In the era of the International Space Station, there's still something humbling about looking at news reports of Charles Lindbergh's solo, nonstop flight across the Atlantic Ocean from New York to Paris in 1927.
Lindbergh is among the legendary aviation pioneers honored at the Florida Air Museum in Lakeland, which touts itself as the state's official aviation museum and education center.
Compared with its aviation-minded competition at Fantasy of Flight, roughly 15 miles east on Interstate 4, the Florida Air Museum (sun-n-fun.org/museum) is part of a no-frills collection of industrial buildings at the Sun 'n Fun aviation education complex at Lakeland's Linder Regional Airport.
At the Florida Air Museum, there's no theatrically trained host in vintage Flying Ace gear to greet visitors, no daily air-show demonstrations or in-house cafeteria. On the other hand, its $10 admission is about one-third the entry fee at Fantasy of Flight and is a bargain for anyone interested in seeing the faces, engines, flight suits and memorabilia of American pioneers, several with Florida connections.
Along one wall are portraits of the members of the Florida Aviation Hall of Fame. Honorees include Air Force Col. Joe Kittinger, familiar to longtime Orlando residents as head of flight operations for Rosie O'Grady's Flying Circus at the now-defunct Church Street Station entertainment complex. A plaque salutes his feat of breaking the sound barrier by parachuting from 102,800 feet in 1960.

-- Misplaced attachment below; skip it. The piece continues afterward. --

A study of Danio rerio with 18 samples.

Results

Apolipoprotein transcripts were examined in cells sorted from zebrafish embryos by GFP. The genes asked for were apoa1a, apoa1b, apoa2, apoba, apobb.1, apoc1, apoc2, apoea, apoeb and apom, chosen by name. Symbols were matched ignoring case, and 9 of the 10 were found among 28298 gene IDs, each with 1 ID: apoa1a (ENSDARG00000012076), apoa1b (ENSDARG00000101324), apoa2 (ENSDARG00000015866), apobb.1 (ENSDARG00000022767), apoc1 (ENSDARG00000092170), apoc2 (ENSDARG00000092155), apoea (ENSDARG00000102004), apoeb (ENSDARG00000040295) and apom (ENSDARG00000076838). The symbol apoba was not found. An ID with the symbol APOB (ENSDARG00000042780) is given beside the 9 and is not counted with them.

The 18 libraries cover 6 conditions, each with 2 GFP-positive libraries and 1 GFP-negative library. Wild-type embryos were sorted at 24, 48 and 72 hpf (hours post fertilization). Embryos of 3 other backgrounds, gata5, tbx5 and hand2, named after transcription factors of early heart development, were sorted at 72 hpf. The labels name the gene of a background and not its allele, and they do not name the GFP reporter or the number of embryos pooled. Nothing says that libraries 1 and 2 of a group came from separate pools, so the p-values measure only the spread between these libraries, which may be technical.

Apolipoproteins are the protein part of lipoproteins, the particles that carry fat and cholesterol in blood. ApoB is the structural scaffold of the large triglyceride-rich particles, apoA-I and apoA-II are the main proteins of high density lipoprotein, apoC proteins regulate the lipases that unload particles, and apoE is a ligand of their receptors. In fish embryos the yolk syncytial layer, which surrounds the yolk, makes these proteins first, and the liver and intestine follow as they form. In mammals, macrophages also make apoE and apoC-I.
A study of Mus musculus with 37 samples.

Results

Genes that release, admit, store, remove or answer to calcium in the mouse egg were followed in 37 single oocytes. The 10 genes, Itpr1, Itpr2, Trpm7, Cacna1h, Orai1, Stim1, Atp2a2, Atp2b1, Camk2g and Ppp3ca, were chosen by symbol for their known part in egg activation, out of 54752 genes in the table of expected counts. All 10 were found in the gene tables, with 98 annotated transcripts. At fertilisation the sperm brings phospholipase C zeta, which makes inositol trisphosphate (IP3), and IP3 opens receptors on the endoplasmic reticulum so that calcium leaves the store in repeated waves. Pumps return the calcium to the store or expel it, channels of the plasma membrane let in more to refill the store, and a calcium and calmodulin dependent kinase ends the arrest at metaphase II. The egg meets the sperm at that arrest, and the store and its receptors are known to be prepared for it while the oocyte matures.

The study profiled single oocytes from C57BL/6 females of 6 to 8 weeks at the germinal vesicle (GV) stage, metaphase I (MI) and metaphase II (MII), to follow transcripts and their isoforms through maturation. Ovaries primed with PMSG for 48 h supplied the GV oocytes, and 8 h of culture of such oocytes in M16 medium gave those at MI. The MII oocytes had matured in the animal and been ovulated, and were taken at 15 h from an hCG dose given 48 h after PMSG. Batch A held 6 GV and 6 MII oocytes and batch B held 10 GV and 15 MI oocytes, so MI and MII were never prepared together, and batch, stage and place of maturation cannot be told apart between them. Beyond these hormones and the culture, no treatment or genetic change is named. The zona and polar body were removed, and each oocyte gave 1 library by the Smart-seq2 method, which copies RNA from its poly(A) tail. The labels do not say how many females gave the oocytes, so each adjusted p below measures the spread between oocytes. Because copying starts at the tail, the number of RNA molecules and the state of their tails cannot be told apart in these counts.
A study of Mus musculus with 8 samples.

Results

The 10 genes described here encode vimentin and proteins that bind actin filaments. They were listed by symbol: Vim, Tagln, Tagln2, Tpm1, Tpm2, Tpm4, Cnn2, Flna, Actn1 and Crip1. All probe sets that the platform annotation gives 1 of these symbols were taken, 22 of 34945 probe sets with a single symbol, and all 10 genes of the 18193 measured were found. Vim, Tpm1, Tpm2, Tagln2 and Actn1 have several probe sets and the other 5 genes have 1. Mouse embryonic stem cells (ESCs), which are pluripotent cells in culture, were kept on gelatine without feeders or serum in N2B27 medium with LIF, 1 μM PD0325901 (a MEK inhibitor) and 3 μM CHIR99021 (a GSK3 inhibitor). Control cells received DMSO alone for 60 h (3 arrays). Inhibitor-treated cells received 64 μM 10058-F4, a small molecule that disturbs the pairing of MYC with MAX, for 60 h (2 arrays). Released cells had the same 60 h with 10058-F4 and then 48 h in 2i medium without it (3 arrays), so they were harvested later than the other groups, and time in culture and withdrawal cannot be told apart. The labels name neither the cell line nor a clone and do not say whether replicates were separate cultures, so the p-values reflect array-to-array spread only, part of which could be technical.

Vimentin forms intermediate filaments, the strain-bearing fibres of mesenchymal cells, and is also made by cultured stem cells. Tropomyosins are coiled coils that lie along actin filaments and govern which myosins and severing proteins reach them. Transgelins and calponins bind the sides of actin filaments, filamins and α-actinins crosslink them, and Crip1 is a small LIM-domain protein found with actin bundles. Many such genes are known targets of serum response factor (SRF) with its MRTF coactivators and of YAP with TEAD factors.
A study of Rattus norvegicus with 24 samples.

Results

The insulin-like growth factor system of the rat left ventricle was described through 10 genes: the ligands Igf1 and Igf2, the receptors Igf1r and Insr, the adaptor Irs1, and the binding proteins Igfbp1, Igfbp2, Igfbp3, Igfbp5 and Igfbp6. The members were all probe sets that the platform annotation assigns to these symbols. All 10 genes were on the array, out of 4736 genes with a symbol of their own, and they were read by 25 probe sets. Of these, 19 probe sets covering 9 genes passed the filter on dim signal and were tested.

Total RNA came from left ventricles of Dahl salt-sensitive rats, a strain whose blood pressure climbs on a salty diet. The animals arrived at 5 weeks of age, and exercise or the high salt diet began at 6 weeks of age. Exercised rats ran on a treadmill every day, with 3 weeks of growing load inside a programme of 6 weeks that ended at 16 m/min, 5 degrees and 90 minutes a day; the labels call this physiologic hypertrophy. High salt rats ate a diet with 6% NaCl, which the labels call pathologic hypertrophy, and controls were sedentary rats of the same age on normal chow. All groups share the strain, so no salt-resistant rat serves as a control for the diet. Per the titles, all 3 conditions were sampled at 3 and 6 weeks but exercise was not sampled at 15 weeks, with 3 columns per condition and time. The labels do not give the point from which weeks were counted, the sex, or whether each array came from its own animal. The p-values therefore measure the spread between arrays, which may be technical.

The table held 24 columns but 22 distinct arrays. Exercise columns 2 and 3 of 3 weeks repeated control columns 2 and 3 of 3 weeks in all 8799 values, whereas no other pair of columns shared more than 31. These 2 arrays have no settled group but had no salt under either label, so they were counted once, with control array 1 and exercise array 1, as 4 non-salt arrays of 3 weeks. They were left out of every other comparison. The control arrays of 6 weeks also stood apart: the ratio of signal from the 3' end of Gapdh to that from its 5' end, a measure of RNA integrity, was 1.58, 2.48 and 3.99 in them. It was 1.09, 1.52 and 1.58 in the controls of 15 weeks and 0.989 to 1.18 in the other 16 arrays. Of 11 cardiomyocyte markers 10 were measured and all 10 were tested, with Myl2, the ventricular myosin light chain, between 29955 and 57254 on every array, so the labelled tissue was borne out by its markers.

I thought about my father, a lifelong employee of Eastern Airlines, when I looked at photos of World War I flying ace (and Eastern founder) Eddie Rickenbacker. And Glenn Curtiss, father of naval aviation, still has a street named after him in my hometown of Miami Springs, the town he founded in 1926.
Another exhibit looks at business magnate Howard Hughes. His quest to build the world's largest flying boat, the Spruce Goose, is recalled with models, an authentic engine and flight suits. Hughes only kept it aloft for 70 feet in its lone flight in 1947, but here his imagination still soars.